Winter weather can have a significant impact on your business operations. You not only have to think about accidents and injuries, but also critical downtime. Every year, it’s estimated that trucking companies lose more than 32 billion vehicle hours and $3 billion in revenue due to weather delays. For any business that needs to be on the road during inclement weather, good vehicle performance is key.

As this season’s weather intensifies, now is a good time to prepare your fleet’s tires for the cold, ice and snow. When it comes to winter weather and tires, it’s important to think about local conditions, your choice of tire, winter maintenance regimes, and guidance for your drivers.

Why Local Conditions Matter

The combination of winter weather and tires chosen for your fleet can impact your ability to operate during hazardous conditions as well as the safety of your vehicles and drivers. Choosing and maintaining tires suited for local winter conditions can also help reduce the risk of weather-related insurance claims.

Many fleets opt to replace summer or all-weather tires in the fall with winter tires. But the benefits can depend on local conditions. Consider:

  • Snowfall averages in your area year to year
  • Winter temperature ranges for your region
  • Meteorological predictions for a harsh or mild winter season
  • Conditions at the time of day your fleet operates, such as overnight
  • Frequent travel on tertiary back roads that aren’t plowed right away
  • Access needs for private roads or gravel lanes not cleared by municipal plows
  • Need for daily driving regardless of road or weather conditions

Fleets that will be driving in difficult conditions on urban core roads or private unmaintained roads and driving overnight when temperatures drop should consider tires made for tough winter driving conditions.

When to Choose New Tires

All tires experience treadwear, aging and damage that can degrade performance, especially during snowy or wintery conditions. Tires made for summer or all-season travel are not suitable for severe winter weather. Winter-purpose tires may feature better cold-weather elasticity, better treads and reduced stopping distance capabilities.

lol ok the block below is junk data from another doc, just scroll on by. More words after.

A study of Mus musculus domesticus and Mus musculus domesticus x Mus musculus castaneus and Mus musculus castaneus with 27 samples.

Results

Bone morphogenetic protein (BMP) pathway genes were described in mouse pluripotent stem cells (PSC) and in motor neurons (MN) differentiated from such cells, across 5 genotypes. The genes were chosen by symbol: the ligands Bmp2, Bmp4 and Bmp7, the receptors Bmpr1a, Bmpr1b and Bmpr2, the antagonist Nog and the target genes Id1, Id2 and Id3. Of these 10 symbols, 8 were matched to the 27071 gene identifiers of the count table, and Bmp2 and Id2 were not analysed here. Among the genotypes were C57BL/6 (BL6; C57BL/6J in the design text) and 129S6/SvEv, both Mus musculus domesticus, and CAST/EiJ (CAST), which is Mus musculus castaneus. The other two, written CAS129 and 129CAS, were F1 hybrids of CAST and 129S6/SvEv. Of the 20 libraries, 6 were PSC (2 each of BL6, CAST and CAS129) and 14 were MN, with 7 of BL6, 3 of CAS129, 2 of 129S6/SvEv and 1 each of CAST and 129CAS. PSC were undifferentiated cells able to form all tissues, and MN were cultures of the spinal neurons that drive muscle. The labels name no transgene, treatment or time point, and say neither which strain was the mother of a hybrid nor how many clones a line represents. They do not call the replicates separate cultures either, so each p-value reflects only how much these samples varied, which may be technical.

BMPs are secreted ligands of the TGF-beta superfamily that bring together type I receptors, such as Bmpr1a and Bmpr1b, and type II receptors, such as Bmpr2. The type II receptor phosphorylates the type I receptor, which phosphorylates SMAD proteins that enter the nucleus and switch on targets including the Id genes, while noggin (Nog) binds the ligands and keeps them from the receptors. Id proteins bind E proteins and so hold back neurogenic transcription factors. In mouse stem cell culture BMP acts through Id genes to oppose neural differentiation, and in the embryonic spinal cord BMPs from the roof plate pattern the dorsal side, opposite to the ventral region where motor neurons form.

Being proactive about tire selection before the worst weather hits can help you ensure your fleet is read for winter. If your fleet will face difficult winter weather, changing tires in the late fall may be a good option. Your fleet will start the winter season with a full tread depth that improves traction and handling, helping you get the most out of your tires and avoid costly downtime, road accidents and injuries.

Make sure to equip your fleet when tire inventory is made available. Buying too early or too late in the season may leave you waiting for restock. Look for good tires with siping tread slits that are made for winter use on snow, ice and cold surfaces. Consider performance needs and your local conditions in your decision.

How to Maintain Tires in Winter

No matter your choice of all-weather or winter tires, your fleet vehicle’s tires will need special care during the winter months to perform at their best and ensure safety.

  • Check tire inflation frequently, at least once before each shift.
  • Avoid underinflated or overinflated tires in inclement weather.
  • Monitor and maintain vehicle alignment and balancing.
  • Wash fleet vehicles and equipment regularly with warm water.
  • Remove salt, dirt, ice and snow that can get caught in wheels, rims and hubs.
  • Be on the look out for vibration and handling problems caused by road debris.

Proper maintenance is important for every type of fleet driving. Handling and stopping abilities can be just as important in parking lots as out on the road. Low-speed accidents can also lead to claims and downtime for repairs.

What Guidance to Give Fleet Drivers

Conditions can be hazardous for fleet drivers during inclement winter weather, so it’s important to prepare your drivers with proper guidance and education.

  • Be prepared with winter essentials. Drivers should carry an ice scraper, snow shovel, road salt, jumper cables, flashlights, high-visibility clothing, food, water, blanket and other emergency supplies.
  • Perform a pre-shift inspection. Check tires for wear, pressure and balance. Check battery power, lights and fluid levels. Clear snow and ice from wiper blades, windows, mirrors and exhaust.
  • Check current road conditions. Drivers should be made aware of up-to-date conditions for their route and any forecasts of possible inclement weather during the shift.
  • Drive for winter conditions. Make sure drivers slow down and increase following distance in bad weather. Heavy vehicles may need significantly more space to stop in bad weather.
  • Ensure training emphasizes smooth steady operation, avoiding hard braking, acceleration or steering. Loss of control can otherwise result.
  • Watch out for common winter hazards. Heavy rain, fog, black ice and bridge icing are common hazards that can lead to an accident.
  • Know when to stop. Conditions may become so treacherous that driving becomes impossible and unsafe. Make sure procedures are in place for such circumstances.
  • Take care entering and exiting the vehicle. Steps can get icy, visibility can be poor and terrain can be hazardous. Drivers should take extra care to avoid injury.

When it comes to winter weather and tires, it’s important to be prepared. Make sure you evaluate the conditions your fleet is likely to face. Ensure your vehicles are equipped with appropriate tires. Monitor and maintain vehicles and tires during the winter months. And ensure your drivers have the training and guidance they need.

Preparation will help your business minimize downtime and avoid claims for weather-related accidents and injuries.